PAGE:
Science, Death and the Supernatural. Supernatural Thinking in the Scientific Worldviews of Finns

Roosa Haimila, University of Helsinki

Science and religion are often pitted against each other (Pew Research Center 2015). However, many people identify with both institutions, and some utilize both natural and supernatural explanations for phenomena (Baker 2012; Legare et al. 2012). Also, previous research has found that reminders of death increase the appeal of the supernatural (Jong et al. 2012). My doctoral dissertation investigates supernatural thinking in scientific worldviews of Finns, and how reminders of death effect these worldviews. The dissertation addresses classic themes in the Study of Religions, such as existential concerns, from a viewpoint that acknowledges the Finnish pro-scientific discourse and the increasing secularity of Finnish spirituality.

The effects of death awareness on worldviews have mainly been studied in the social psychological framework of Terror Management Theory (Greenberg et al. 1986; Burke et al. 2010). The dissertation integrates the aforementioned methodology to earlier work in Study of Religions suggesting that 1) death and suffering increase religious belief, and 2) that religiosity, supernatural thinking and endorsement of science may be overlapping categories in vernacular worldviews (e.g. Sibley & Bulbulia 2012; Legare & Shtulman 2017). The dissertation applies a mixed methods online questionnaire and an experimental study. In this particular presentation, I suggest an operationalization of key concepts, supernatural and scientific worldview, by applying research on cultural worldviews and core knowledge confusions (e.g. Pyszczynski et al. 2015; Lindeman & Aarnio 2007).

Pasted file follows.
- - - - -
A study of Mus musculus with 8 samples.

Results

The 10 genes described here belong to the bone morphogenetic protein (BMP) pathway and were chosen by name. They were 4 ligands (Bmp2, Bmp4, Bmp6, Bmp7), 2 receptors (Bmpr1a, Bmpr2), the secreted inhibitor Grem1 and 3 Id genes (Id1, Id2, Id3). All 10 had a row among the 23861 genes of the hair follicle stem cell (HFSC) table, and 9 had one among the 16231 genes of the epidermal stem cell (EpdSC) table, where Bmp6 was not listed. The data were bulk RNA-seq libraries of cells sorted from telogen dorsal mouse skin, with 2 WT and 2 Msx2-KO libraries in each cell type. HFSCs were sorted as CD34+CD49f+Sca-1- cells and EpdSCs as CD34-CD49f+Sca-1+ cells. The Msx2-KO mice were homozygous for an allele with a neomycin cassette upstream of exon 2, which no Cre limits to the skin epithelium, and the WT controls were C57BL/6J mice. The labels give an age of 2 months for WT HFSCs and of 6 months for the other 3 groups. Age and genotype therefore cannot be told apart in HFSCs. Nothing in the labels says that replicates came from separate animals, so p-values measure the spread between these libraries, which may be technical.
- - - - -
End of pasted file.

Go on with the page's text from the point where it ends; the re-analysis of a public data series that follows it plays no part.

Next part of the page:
The presentation participates in the discussion on underlying assumptions concerning scientific worldviews, and suggests that scientific worldview does not equal to nonreligiosity. Therefore, the growing body of research investigating the nonreligious does not directly inform us of the psychological dynamic of science and religion. Also, the presentation accentuates a vernacular supernatural, which includes not only the uncanny, but also the seemingly natural. Both aspects of supernatural may contribute to public understanding of science.